The future of maths is a lot brighter

Written by Sarah Seleznyov

I began working with Let’s Think Maths over 15 years ago.  It was a time when it was the norm to split children up by ability, through task differentiation five ways in primary schools and through setting in secondary school.  Procedural teaching was the main focus, with a weekly open-ended problem thrown in, often an unstructured one with no teaching of problem solving strategies.  Talk was not expected in maths lessons, instead it was ‘heads down’, each pupil concentrating on the worksheet they had been given, some moving on to the final challenge at the end of the lesson, usually an opportunity to apply the procedural practice they had been undertaking.  In many classrooms, success mattered and mistakes weren’t wanted.

At that time, Let’s Think Maths was like a breath of fresh air, especially for those pupils who had been labelled as ‘low ability’ and resigned to a continual daily intake of lower order number skills practice.  And for the teachers, it was a radically new approach: it was exploratory, many solutions were valid, all pupils could engage and the lowest achievers could shine, by coming up with creative solutions to the problems the class was trying to tackle.   Teachers on Let’s Think professional development programmes found that not only were mistakes and misconceptions interesting to explore, they enabled more effective follow-on teaching.  And they found that teaching in mixed achieving groups really made a difference to the quality of learning, especially for the lowest achievers.

So much has changed since that time, and in the majority of maths classrooms.  The radical approaches to teaching mathematics that Let’s Think proposed have become mainstream thanks to a combination of government initiatives and high impact research projects.  Much as we might criticise the DFE’s obsession with and simplistic understanding of international policy borrowing, their focus on mastery mathematics has changed hearts and minds in terms of the value of problem solving, exploring multiple methods, teaching in mixed achieving groups, and the potential for low threshold – high ceiling lessons like Let’s Think.  The DFE has also re-opened the debate about the need for maths to be taught though carefully planned curriculum sequences as exemplified in textbooks and in the Let’s Think Maths schemata.  The Best Practice In Grouping Students research project, led by Professor Becky Francis, has radically changed the way we think about grouping pupils: for the first time, we are seeing huge numbers of secondary schools moving away from early setting in Year 7 towards mixed achieving classes.  The University of Cambridge Dialogic Teaching project has demonstrated the importance of classroom talk across the curriculum, but particularly in mathematics.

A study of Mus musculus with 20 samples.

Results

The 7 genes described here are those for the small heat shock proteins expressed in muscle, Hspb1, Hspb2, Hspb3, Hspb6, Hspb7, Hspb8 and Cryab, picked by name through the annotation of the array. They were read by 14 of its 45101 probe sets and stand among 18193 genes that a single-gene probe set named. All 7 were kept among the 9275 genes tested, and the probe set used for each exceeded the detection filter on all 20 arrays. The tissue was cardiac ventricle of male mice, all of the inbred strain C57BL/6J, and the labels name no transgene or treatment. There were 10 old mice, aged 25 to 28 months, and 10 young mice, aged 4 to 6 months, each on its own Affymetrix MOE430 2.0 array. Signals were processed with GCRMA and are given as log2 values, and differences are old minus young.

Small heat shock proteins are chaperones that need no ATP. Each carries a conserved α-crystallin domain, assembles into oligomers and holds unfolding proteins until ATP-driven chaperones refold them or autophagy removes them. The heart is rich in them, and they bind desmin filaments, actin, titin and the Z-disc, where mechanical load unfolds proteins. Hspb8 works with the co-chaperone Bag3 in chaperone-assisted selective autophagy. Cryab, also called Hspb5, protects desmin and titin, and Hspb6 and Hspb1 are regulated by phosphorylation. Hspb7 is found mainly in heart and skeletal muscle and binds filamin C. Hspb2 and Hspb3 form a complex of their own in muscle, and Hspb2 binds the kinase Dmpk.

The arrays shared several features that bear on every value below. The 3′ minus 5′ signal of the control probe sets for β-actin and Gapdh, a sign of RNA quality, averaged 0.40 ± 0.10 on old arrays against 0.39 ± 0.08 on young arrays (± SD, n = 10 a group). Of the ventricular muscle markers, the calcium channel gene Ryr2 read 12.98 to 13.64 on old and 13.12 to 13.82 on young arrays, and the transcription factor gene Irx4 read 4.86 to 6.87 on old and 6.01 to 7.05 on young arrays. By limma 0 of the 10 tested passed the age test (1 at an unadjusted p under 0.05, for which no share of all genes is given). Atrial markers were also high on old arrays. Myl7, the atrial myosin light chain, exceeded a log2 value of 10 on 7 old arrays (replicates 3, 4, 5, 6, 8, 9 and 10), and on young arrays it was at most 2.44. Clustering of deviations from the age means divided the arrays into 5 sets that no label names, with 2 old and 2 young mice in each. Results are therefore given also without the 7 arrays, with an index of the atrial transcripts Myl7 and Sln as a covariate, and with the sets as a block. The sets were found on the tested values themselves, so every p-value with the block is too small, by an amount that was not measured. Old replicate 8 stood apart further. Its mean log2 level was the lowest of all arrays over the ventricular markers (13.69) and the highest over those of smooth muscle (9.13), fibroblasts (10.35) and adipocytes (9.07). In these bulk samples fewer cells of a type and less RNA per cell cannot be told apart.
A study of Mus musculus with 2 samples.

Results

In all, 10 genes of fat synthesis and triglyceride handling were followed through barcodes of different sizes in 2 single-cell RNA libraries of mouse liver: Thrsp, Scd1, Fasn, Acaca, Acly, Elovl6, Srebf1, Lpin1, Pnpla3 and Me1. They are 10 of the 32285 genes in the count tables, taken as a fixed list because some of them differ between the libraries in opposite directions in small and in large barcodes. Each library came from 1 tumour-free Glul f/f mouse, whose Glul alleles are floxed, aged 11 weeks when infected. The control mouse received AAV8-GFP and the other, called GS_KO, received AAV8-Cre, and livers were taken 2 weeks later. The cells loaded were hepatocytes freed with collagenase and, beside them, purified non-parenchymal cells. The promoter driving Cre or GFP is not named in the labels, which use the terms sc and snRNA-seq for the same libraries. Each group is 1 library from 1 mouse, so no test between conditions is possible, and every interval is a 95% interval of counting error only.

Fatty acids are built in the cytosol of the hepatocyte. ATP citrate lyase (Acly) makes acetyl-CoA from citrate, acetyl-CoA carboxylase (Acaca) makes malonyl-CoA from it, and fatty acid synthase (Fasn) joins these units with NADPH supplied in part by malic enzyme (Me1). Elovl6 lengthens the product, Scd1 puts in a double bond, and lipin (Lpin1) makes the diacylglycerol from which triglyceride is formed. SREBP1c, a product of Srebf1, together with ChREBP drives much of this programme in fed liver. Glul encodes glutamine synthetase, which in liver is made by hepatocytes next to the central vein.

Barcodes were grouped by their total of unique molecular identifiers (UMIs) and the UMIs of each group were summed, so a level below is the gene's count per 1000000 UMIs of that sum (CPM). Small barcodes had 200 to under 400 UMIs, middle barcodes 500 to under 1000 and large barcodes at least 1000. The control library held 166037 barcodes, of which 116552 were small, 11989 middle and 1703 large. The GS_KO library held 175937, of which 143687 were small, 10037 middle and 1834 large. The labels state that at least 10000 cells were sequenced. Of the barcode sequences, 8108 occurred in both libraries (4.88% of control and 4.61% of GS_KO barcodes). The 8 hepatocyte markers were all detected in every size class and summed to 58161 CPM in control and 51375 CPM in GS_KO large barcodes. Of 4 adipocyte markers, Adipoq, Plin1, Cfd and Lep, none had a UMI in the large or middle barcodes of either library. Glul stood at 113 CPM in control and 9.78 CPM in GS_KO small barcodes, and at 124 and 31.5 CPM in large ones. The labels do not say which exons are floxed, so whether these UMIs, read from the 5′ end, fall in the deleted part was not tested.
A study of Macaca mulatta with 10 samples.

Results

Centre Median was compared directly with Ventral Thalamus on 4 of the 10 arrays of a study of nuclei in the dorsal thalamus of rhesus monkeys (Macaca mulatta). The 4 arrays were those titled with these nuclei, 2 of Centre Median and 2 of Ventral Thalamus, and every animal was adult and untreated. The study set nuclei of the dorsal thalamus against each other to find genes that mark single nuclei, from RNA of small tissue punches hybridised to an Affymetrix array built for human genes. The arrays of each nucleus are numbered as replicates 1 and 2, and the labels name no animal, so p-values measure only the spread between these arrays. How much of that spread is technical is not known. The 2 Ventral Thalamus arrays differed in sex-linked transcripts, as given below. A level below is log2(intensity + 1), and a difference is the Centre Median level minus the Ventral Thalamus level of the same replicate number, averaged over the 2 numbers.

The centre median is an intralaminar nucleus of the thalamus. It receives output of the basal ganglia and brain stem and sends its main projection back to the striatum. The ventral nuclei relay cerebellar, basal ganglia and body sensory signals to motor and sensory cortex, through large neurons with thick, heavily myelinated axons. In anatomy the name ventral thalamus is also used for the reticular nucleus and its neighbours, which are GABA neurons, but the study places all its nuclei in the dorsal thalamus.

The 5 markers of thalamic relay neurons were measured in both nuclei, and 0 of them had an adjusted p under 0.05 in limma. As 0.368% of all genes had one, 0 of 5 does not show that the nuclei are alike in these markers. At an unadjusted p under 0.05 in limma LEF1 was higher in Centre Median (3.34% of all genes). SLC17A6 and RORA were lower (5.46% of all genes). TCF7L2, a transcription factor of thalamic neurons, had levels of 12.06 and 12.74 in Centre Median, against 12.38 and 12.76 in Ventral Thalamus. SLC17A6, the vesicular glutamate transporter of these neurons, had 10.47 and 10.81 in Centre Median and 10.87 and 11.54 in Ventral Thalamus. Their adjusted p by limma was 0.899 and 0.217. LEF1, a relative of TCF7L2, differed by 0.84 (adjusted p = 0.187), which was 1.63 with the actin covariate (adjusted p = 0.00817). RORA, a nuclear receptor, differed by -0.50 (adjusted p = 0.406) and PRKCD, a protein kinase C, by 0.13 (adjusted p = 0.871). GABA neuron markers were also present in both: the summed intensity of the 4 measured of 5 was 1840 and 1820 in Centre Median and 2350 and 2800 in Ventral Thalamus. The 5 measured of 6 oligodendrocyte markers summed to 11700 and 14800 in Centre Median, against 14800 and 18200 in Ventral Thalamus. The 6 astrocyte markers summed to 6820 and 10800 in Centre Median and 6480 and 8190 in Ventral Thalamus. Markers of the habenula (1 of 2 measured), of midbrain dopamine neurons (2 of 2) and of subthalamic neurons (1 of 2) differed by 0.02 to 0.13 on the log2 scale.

Let’s Think Maths now fits smoothly into the curriculum and pedagogies of many teachers of mathematics.  And we would like to think that as an organisation advocating changes to the teaching of mathematics over several decades, we played a part in achieving these changes to practice.  I often bump into senior government advisers or mathematics experts in senior roles in mathematics organisations, who remember their CAME training well, and say it continues to inspire them.

As Let’s Think Maths now aligns much more easily with the curricula and pedagogies schools are already using, it makes integration a lot simpler for teachers and for pupils.  Lessons are frequently used by teachers to assess: What do they already know and so what should I teach? Have they really learnt what I think I have taught?  The lessons also support the reasoning concept building that a standard mastery curriculum requires.  And the professional development programme is now one that includes many of the recommended research proven approaches to teacher learning:  it has duration, includes opportunities to apply learning into the classroom, operates in iterative cycles of practice and reflection, and is collaborative.

The future is brighter for pupils in mathematics lessons – and we hope it continues to move in the right direction with Let’s Think as a key partner.